For Web-based small businesses, word of mouth isn’t the only way to get attention. Numerous systems for effective advertising have been developed for the Web, but truth be told most have been far from successful. Random banner ads, pop-up windows and even site sponsorships have failed to deliver targeted traffic for your business. It is only a slight exaggeration to say that pop-up ads are about as successful today as spam.
Getting the right audience to see the ad is as important as the ad itself. One way to drive targeted traffic is though the use of keywords and sponsored links on Google AdWords. While many have long since given up on AdSense, Google’s publisher network, the search engine has been working to address user feedback.
One major complaint about the system was where ads would run, and with little reporting to advertisers where their ads had even run—thus it was worse than “if you blink you miss it,” in fact, chances were you’d never see it. Additionally, ads could run on entirely irrelevant sites. Google recognized the faults both on the publisher and advertiser side and spent the greater part of 2007 improving the experience.
Google has gone to great lengths to provide more visibility for advertisers. When buying on the network, advertisers now have the ability to create custom channels, grouping together sites with particular demographic ranges and site targeting. The result is a greater potential for targeted traffic. Additionally as an advertiser, you can also opt-out of having your ads appear alongside user-generated content, if you don’t feel comfortable with the inconsistency.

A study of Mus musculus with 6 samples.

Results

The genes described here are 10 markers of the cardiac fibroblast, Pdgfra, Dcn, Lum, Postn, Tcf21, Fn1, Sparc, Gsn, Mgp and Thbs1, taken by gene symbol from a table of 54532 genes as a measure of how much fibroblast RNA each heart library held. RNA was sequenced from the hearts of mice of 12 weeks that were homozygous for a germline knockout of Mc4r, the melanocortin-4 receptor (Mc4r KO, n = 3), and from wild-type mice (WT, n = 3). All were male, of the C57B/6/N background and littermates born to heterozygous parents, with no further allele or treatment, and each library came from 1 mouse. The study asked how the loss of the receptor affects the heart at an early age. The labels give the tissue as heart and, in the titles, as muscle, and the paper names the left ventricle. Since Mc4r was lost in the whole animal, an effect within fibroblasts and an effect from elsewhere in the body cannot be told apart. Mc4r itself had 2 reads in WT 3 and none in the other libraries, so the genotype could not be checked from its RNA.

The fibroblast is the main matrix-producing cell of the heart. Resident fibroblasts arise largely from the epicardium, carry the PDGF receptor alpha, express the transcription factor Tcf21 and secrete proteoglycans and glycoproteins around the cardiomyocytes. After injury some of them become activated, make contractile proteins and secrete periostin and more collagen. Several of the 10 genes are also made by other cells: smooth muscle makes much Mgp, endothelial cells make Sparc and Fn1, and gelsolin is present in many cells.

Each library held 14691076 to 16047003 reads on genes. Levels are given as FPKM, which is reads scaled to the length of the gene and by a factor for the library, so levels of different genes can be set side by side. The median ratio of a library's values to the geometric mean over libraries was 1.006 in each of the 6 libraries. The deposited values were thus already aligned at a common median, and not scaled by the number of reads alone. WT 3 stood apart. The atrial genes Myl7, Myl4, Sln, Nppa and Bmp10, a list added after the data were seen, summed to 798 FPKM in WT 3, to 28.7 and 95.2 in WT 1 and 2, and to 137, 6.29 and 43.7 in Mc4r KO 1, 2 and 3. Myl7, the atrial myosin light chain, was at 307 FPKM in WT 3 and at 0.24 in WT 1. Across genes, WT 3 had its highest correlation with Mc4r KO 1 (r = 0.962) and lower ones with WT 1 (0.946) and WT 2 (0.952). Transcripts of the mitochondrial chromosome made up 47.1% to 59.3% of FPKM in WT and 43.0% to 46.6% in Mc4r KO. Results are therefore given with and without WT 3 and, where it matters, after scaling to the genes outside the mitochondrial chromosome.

Furthermore, as an advertiser you’re also able to pay for ads in the way you can feel comfortable. You can pay for the placement targeting of those custom channels on a CPC, a cost-per-click, or a cost-per-impression basis. It’s all done on an auction model.
More importantly, you can target by geolocation, daypart, and demographic objectives. This gives greater flexibility and allows you to get the most bang for the advertising bucks.
AdSense is also more than just words, and these ads have gone high-tech. Google has added images, gadgets, and video. You can upload a graphic as part of your ad creative or even a video. Image ads are often bought on a cost-per-action basis, meaning a user must follow a certain action before the advertiser hands money over to Google for the impression. This may mean a visit to the landing page or it may mean actually purchasing an item or filling out a form.
Further transparency is provided in performance reports. Advertisers used to get a report that said your ad ran “x” number of times. The performance reports now allow you to see where your ads are performing, on which sites, and how they are performing. That’s right, you actually know where your ads are. Google sees this move as offing a lot of transparency and many advertisers and search-engine marketing firms are starting to come around.